Troubled former lightweight boxing champ Paul Spadafora, already charged with putting a woman in a headlock at a bar, has been accused of holding a knife in front of another woman at a convenience store later that night.
Spadafora, known as The Pittsburgh Kid, has been charged by police in Manor Township in Armstrong County for a bizarre April 4 incident at a Sheetz convenience store, WTAE-TV first reported Wednesday. The charges of simple assault, public drunkenness and harassment were filed Tuesday, and Spadafora will be mailed a summons to appear at a preliminary hearing, online court records show.
Spadafora, who's 40, appeared to be drunk while holding a blueberry muffin in one hand and an opened, folding tactical knife in the other and yelling at a female clerk, police said.
Breaking news and the stories that matter to your neighborhood.
The clerk "was unable to make out what he was saying, but was extremely scared for her well-being," police wrote in a criminal complaint.
When officers arrived, police said, Spadafora was belligerent and repeatedly yelled that he isn't gay, which police didn't further explain in their complaint. Spadafora was released to his mother's custody.
The convenience store encounter occurred several hours after an incident at a bar in Crafton, a Pittsburgh suburb, about 40 miles northwest.
Police there charged Spadafora with simple assault and harassment. Spadafora put a 63-year-old woman in a headlock at the bar and drank her beer and then threw her to the pavement when she went outside to call police, according to charges filed last week.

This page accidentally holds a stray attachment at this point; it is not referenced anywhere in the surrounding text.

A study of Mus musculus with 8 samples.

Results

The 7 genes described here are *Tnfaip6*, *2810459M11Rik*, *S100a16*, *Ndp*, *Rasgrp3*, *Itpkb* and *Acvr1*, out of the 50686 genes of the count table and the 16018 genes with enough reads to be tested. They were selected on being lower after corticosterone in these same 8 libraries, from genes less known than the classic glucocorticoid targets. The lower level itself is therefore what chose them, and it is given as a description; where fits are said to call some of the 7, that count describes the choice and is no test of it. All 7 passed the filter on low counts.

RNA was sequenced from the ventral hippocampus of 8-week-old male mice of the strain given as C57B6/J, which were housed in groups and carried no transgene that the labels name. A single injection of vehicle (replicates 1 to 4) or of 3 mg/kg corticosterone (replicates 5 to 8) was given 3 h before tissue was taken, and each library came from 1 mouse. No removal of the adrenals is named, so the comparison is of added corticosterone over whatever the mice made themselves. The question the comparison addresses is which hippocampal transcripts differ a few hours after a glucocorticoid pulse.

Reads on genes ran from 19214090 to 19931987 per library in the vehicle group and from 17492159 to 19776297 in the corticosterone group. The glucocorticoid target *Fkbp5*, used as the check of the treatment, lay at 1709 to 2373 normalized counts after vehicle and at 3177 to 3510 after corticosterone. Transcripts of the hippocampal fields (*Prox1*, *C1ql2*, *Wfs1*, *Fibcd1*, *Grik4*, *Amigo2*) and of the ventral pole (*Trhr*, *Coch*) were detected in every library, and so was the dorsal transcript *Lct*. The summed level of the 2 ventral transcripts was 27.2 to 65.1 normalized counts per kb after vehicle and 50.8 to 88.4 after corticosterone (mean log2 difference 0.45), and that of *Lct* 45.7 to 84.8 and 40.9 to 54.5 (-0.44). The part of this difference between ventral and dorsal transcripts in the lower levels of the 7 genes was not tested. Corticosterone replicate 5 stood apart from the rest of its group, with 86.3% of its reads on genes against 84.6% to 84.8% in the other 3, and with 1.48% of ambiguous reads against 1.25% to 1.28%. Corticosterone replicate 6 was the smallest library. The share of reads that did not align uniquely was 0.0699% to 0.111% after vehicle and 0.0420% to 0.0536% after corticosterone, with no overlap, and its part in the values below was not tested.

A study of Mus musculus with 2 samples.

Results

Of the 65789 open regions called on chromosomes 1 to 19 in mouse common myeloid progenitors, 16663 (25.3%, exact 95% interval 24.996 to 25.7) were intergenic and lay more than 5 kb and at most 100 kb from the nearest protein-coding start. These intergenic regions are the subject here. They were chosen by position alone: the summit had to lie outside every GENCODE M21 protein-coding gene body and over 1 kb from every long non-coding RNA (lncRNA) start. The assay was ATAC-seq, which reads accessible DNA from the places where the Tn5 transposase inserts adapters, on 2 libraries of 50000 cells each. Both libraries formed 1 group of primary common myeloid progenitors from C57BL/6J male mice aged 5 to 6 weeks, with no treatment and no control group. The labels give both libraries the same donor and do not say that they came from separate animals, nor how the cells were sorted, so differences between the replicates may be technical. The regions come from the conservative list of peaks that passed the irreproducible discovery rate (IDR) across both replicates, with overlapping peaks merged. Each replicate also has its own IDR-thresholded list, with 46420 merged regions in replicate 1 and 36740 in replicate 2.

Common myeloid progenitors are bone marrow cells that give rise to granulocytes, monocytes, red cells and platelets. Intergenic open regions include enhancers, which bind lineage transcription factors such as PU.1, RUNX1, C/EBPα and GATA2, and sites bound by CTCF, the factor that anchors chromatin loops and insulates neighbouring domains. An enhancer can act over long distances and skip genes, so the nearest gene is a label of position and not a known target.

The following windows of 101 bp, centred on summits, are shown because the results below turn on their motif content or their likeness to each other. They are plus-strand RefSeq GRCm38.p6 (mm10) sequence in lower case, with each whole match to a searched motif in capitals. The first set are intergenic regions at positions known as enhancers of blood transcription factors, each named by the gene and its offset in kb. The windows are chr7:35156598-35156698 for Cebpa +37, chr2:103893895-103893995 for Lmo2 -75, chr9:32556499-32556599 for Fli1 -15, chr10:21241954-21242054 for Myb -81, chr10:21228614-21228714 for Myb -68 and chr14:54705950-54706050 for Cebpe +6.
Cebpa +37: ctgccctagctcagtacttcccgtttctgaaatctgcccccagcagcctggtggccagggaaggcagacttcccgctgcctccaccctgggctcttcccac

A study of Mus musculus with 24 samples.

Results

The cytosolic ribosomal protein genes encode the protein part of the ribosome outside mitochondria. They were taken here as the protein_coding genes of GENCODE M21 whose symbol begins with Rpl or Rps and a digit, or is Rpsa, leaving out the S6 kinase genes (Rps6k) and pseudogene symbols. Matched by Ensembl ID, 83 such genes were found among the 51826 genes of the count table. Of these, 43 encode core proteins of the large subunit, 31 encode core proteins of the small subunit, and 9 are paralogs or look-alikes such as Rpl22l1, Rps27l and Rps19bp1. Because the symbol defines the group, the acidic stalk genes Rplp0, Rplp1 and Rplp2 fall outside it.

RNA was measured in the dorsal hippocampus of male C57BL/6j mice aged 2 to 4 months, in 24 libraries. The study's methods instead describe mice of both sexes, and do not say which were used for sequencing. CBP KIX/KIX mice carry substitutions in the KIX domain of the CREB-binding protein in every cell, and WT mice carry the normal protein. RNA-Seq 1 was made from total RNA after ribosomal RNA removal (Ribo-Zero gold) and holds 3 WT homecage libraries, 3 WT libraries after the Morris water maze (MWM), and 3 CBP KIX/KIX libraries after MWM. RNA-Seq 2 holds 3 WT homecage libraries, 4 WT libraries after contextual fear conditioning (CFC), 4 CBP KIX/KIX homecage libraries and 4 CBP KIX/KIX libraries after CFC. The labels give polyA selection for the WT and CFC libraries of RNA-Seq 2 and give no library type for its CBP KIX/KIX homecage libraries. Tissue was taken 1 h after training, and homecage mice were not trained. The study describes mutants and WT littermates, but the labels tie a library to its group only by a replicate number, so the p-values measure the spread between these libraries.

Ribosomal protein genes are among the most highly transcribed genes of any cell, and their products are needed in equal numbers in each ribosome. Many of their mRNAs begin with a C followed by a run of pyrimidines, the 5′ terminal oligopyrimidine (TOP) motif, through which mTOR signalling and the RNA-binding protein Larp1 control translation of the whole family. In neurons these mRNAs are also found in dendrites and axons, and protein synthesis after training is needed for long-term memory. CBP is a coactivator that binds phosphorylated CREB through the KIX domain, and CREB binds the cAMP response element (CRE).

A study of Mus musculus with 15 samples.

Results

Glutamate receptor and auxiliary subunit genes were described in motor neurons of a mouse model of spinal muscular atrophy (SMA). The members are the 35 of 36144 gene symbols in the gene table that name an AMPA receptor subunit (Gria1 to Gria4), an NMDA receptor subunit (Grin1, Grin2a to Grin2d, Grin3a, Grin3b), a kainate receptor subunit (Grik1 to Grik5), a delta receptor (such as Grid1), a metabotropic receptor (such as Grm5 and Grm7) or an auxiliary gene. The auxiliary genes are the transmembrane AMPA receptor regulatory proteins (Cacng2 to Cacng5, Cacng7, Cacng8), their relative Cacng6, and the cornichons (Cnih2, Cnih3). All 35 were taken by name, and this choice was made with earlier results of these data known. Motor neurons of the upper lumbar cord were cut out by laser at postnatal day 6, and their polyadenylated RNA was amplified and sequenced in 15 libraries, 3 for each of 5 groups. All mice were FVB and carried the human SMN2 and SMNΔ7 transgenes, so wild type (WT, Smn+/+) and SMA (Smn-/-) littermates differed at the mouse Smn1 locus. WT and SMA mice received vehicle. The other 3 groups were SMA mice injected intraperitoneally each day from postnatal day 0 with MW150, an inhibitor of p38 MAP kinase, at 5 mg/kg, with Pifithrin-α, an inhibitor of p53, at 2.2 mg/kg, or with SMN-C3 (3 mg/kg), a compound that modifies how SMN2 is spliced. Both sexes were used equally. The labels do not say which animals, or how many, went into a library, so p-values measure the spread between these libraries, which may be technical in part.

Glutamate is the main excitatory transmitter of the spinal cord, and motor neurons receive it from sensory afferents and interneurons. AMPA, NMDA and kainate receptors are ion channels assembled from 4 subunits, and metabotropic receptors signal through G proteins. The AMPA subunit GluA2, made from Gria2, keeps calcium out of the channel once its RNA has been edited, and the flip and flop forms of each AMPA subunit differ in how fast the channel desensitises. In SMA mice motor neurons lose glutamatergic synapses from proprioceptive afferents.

Spadafora's attorney, Phil DiLucente, said they're contesting the charges in both incidents. He said the convenience store encounter was a "misunderstanding," and he stressed the clerk was unhurt.
"A simple assault can be defined as if someone pulls a prank on someone and it scares them," DiLucente said.
DiLucente said he hopes the charges filed from the Crafton bar incident will be withdrawn at a preliminary hearing next month once he can question witnesses.
"If they're not, we're intent to go into the ring and fight the charges," he said.
Spadafora's once-promising career has been marred by arrests, most of them drinking-related. DiLucente said he couldn't comment on whether Spadafora is seeking treatment for alcohol use but said he's still boxing.
"Not only does he still box, he helps children in multiple counties train and learn how to box," DiLucente said. "He's pursuing that dream of making boxing bigger again with the younger generation."
Spadafora won the vacant International Boxing Federation lightweight belt in August 1999 when he was just 23, but he had to give up the belt after he was charged with shooting his girlfriend in October 2003.
Spadafora was convicted and then was paroled in April 2006 after 13 months at a boot camp for younger offenders. He's since been arrested for violating his parole by violating a protection from abuse order his now ex-girlfriend obtained in 2007, and he twice pleaded guilty after drunken-driving arrests in 2011.